A gauge of corporate credit risk rose to the highest level this year as Moody’s Investors Service cut Spanish banks’ credit ratings and on signs the U.S. job market was making little progress.
The Markit CDX North America Investment Grade Index, a credit-default swaps benchmark that investors use to hedge against losses on corporate debt or to speculate on creditworthiness, rose 4 basis points to a mid-price of 122.9 basis points at 4:47 p.m. in New York, according to prices compiled by Bloomberg. The index last touched a higher intra-day level on Dec. 22.
Investors pushed the measure higher on concern that Europe’s intensifying debt crisis may infect the financial system and curb global economic growth, forcing weaker borrowers to miss debt payments. U.S. jobless claims of 370,000 for the week ended May 12 were more than the 365,000 forecast by economists in a Bloomberg News survey, Labor Department figures showed today in Washington.
“You always hope that job growth in America would be enough to get escape velocity and unleash the world into growth,” said Marc Gross, a money manager at RS Investments in New York. “The numbers we are seeing are not enough to make up for the malaise in the rest of the world.”
In Europe, Moody’s downgraded by one to three levels the ratings of 16 Spanish banks and Santander UK Plc. The move primarily reflects the banks’ “standalone credit assessments” and in five cases, the Spanish government’s reduced ability to support them, the ratings firm said in a statement.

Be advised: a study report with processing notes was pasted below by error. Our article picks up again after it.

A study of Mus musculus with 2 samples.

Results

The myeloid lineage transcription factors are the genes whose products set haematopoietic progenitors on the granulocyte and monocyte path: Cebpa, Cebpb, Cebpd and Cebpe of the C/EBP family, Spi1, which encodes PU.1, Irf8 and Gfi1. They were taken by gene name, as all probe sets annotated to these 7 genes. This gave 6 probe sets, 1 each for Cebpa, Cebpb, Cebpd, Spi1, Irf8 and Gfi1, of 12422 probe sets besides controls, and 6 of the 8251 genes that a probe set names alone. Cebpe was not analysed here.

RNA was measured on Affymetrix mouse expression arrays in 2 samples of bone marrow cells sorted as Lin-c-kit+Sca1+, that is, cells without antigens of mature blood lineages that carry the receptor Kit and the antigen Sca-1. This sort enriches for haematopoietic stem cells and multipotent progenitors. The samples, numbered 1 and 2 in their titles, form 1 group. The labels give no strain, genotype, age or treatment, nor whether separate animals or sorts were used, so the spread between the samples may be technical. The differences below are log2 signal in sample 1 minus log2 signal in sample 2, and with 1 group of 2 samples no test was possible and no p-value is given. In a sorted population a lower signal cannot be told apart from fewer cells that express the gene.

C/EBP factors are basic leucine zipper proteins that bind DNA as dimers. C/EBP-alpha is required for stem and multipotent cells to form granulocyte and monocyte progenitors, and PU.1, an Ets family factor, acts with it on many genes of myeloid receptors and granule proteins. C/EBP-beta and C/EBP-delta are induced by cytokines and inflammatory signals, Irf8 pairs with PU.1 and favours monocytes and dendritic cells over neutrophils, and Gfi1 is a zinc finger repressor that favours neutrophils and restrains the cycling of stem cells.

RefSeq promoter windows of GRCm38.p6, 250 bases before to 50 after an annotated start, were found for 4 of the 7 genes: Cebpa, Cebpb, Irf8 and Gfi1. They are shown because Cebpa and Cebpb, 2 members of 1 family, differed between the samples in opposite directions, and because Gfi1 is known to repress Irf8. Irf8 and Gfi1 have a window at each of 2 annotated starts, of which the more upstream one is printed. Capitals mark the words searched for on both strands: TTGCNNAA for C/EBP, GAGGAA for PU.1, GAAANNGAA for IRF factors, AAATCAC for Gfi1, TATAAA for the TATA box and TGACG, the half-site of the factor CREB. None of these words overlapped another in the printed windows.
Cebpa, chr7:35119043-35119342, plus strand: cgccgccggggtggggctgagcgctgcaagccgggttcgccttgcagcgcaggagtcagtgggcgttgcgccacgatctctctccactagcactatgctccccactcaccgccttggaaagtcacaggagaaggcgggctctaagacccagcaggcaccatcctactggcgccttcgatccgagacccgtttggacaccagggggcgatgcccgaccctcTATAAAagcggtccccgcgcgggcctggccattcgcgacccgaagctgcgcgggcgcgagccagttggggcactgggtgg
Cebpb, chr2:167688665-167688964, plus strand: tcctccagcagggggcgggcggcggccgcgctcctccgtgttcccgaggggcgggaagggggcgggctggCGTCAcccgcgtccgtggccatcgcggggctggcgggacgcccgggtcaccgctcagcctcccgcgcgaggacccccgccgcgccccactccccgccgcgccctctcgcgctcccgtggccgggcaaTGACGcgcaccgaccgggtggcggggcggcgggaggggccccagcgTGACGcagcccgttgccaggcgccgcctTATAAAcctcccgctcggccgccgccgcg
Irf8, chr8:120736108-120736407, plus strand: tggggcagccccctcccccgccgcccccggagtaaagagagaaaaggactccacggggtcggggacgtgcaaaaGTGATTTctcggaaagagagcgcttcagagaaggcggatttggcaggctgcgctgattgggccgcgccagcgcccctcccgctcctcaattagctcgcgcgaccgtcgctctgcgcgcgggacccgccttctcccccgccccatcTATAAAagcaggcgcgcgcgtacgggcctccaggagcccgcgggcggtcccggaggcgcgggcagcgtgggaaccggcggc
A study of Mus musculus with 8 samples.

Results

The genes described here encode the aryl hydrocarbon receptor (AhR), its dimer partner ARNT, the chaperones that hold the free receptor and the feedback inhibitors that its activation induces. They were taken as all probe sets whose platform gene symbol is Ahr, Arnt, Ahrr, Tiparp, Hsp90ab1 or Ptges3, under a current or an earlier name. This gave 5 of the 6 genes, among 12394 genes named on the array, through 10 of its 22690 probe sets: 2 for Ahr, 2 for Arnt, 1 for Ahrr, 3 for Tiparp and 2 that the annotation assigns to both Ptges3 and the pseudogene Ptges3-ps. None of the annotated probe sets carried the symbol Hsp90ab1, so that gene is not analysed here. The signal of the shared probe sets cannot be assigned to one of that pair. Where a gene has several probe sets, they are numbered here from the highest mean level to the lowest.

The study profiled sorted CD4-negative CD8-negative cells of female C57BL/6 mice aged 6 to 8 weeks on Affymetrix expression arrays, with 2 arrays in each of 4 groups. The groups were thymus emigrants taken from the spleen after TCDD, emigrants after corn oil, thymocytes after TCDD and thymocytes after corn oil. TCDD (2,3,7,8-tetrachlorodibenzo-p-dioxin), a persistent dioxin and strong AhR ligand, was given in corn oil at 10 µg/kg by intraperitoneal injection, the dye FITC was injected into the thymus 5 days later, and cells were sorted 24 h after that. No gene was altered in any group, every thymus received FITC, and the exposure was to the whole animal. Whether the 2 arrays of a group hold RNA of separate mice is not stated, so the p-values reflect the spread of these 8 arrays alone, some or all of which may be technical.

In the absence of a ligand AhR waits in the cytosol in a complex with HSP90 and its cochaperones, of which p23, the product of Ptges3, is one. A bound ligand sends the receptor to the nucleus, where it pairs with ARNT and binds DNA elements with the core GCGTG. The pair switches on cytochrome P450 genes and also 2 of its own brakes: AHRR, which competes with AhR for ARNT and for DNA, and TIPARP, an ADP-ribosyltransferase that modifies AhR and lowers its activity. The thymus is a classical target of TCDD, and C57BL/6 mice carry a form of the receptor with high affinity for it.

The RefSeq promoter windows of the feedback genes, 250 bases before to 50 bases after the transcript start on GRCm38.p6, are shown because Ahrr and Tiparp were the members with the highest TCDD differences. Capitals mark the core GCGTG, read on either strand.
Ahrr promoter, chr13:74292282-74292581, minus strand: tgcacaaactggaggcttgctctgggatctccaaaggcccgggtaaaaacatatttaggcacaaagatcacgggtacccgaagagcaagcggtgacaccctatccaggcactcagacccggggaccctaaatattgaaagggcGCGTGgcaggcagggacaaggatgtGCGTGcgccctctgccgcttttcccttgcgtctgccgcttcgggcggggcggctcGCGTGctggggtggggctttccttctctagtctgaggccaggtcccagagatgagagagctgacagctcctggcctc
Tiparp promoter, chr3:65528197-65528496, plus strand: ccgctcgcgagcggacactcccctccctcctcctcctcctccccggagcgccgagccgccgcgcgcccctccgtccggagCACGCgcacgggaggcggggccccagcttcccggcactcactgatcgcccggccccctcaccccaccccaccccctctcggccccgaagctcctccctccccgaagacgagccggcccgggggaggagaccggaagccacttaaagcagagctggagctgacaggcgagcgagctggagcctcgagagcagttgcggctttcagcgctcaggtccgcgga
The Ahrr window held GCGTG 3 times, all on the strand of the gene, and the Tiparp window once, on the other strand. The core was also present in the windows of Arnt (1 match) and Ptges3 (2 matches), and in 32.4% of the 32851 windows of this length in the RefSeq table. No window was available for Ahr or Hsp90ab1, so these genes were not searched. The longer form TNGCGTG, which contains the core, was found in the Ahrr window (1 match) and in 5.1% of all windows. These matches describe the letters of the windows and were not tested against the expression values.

The swaps index, which typically increases as investor confidence deteriorates, has jumped by more than 25 basis points this month on uncertainty whether Greece will remain in the euro as the country prepares for another round of elections.
“With still a month to go before the next Greek elections, we see further room for market stress to build,” Credit Suisse Group AG analysts led by David Homan said in a research note. That process has been “amplified by a well-advertised synthetic credit position gone bad,” they wrote.
JPMorgan Chase & Co. (JPM:US) announced trading losses of $2 billion last week after its chief investment office took flawed positions on “synthetic credit.” It may cost the lender an additional $1 billion this quarter or next, Chief Executive Officer Jamie Dimon said on a May 10 conference call with analysts.
The swaps contracts pay the buyer face value if a borrower fails to meet its obligations, less the value of the defaulted debt. A basis point equals $1,000 annually on a contract protecting $10 million of debt.